Warhawk Football looking for more in 2022

Ryan Baker, Men’s Sports Assistant Editor

Hoisting the trophy at the end of the season is every team’s goal, and Head Coach Kevin Bullis makes sure his team knows that during the first day of camp. However, that’s the last time the team mentions this goal until it happens. While UW-Whitewater took home the WIAC championship trophy last season, they fell short of the Division III title, losing in the semifinals to eventual champion Mary Hardin-Baylor. 

The Warhawks are looking to new starting quarterback senior Evan Lewdanowski to be at the helm of the offense. Following him in the backfield are the talents of sophomore Tamir Thomas and senior Jaylon Edmonson. 

“We’re excited about Jaylon. We’re excited about Tamir. You lose an All-American in


While some may think that having an entire new backfield could create issues, especially considering the extra year of eligibility all NCAA players acquired last year due to the COVID-19 pandemic, Coach Bullis takes pride in his coaching strategy to make sure all of his players get game action throughout the season.

“You build a program of development. You build a program that you are developing every player every day. You aren’t just developing your first and second team players. That’s where it starts,” Bullis said. “Philosophically we’re not trying to run up the score on anybody and one of the ways we control that is by getting as many people on the field as possible because those reps you get in the game are really the best developmental reps a player can get. We had a lot of opportunities last year to play a lot of players in games and we will see the payoff in that this coming year.”

That payoff will be tough to maintain, especially on the defensive side of the ball. Whitewater had one of the most astounding defenses in all of college football last year allowing an average of only 12.2 points per game. However, coach Bullis is confident trusting players such as Justin Allen, Roy Pantheir, both juniors, Nehemiah Lomax, and Teagan Christiansen, both sophomores. All of whom headline that stout defensive line. 

“Those are the names you are going to see even that much more and they are going to be in more of leadership roles,” Bullis said. 

A rematch of last year’s semifinal is slated for Sept. 10. Both as favorites in their conference, Mary Hardin-Baylor will come in as the top ranked team in the nation, while UW-Whitewater walks in as the fourth ranked team. The Warhawks hope to have a different outcome after getting eliminated by a score of 24-7.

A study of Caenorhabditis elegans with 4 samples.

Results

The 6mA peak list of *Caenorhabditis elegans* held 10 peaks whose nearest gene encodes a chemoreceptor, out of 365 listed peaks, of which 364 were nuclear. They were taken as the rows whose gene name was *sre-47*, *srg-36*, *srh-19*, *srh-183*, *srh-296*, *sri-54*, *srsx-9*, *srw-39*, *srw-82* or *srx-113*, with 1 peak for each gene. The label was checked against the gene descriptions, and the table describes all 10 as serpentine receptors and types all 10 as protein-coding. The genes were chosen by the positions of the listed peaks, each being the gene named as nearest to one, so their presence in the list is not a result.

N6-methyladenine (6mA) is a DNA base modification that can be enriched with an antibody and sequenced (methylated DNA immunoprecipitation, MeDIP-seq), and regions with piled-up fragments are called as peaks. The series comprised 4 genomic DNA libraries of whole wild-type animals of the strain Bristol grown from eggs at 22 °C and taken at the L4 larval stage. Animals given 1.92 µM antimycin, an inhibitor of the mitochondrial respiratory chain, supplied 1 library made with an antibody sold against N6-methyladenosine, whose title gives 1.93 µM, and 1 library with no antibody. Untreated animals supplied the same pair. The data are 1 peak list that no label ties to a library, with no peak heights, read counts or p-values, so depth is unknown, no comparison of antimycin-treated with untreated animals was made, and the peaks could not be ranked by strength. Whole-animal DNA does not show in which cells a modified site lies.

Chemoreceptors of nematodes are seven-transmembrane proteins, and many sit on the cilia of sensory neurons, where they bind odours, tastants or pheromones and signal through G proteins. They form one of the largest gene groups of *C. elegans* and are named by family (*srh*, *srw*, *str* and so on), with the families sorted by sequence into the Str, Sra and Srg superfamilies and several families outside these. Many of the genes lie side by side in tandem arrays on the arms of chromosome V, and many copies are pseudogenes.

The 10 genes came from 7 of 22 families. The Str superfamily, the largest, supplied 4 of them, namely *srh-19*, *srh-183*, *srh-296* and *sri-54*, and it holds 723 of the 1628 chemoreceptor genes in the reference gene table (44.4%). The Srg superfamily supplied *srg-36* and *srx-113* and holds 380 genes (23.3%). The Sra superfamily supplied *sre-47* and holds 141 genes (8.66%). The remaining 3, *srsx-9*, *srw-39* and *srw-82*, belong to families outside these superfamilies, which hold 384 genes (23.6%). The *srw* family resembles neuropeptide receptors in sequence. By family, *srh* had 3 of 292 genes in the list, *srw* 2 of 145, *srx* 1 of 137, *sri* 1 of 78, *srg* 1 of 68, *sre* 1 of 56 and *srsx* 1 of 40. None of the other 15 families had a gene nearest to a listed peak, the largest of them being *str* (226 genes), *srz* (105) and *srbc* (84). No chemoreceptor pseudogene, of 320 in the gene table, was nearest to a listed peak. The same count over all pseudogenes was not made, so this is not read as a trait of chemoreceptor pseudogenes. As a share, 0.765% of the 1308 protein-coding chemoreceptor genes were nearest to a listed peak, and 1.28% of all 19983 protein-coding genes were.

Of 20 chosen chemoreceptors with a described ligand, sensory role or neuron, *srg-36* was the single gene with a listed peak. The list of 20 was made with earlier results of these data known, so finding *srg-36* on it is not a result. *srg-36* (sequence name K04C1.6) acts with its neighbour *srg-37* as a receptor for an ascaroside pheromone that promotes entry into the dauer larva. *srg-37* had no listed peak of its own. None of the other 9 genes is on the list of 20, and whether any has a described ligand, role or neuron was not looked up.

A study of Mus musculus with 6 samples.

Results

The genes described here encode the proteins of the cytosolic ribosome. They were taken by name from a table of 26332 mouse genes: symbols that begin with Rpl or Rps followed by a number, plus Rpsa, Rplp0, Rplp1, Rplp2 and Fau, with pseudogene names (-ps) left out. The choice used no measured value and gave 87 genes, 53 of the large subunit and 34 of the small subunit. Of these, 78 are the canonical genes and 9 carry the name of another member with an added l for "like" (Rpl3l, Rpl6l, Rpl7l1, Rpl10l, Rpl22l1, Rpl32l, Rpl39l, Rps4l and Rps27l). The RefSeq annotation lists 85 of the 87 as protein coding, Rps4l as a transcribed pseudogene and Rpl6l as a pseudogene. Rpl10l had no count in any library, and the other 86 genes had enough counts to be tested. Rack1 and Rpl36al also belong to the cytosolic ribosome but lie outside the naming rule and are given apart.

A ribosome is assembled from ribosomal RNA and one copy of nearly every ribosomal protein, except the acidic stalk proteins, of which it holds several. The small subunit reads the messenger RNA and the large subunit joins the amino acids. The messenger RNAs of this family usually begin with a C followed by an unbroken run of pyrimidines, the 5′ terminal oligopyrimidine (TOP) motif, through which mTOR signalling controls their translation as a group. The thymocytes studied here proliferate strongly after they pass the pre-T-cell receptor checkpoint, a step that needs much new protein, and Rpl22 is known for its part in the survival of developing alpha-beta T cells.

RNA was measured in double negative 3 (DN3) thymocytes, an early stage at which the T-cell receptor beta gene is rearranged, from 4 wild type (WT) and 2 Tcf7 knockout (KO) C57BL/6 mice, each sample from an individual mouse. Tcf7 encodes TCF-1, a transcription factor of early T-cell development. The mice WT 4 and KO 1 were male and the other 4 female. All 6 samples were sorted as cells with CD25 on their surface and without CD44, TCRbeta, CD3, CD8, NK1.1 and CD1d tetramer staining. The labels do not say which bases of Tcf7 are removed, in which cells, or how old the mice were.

“There’s a sense of unfinished business. We got to get ourselves better. Being more intentful of our details has been really the primary emphasis for our team ever since that game in December,” Bullis said. “We’re not fixated on them, to be honest. That game will come. We’re looking forward to packing the Perk, see if we can get 20,000 in that place.”

Following the game between two of the top teams in the nation, the Warhawks will travel to


Throughout the season each player and each coach will look to get one percent better, something that coach Bullis emphasizes greatly throughout every practice, every game, and every single day.

“You focus on the process. Every player on this team whether you’re a freshman or a three-year starter. It doesn’t matter,” Bullis said. “We all have the same objective and the same standard that we hold for ourselves and that’s to push ourselves to get better. It doesn’t sound fancy and it sounds canned, but it’s what we do.”

It’s not a sprint, it’s a marathon. A marathon in which crossing the finish line means lifting two pieces of hardware in the WIAC championship trophy and the Division III trophy. Something that coach Bullis looks to lead his team to do for the first time since 2014.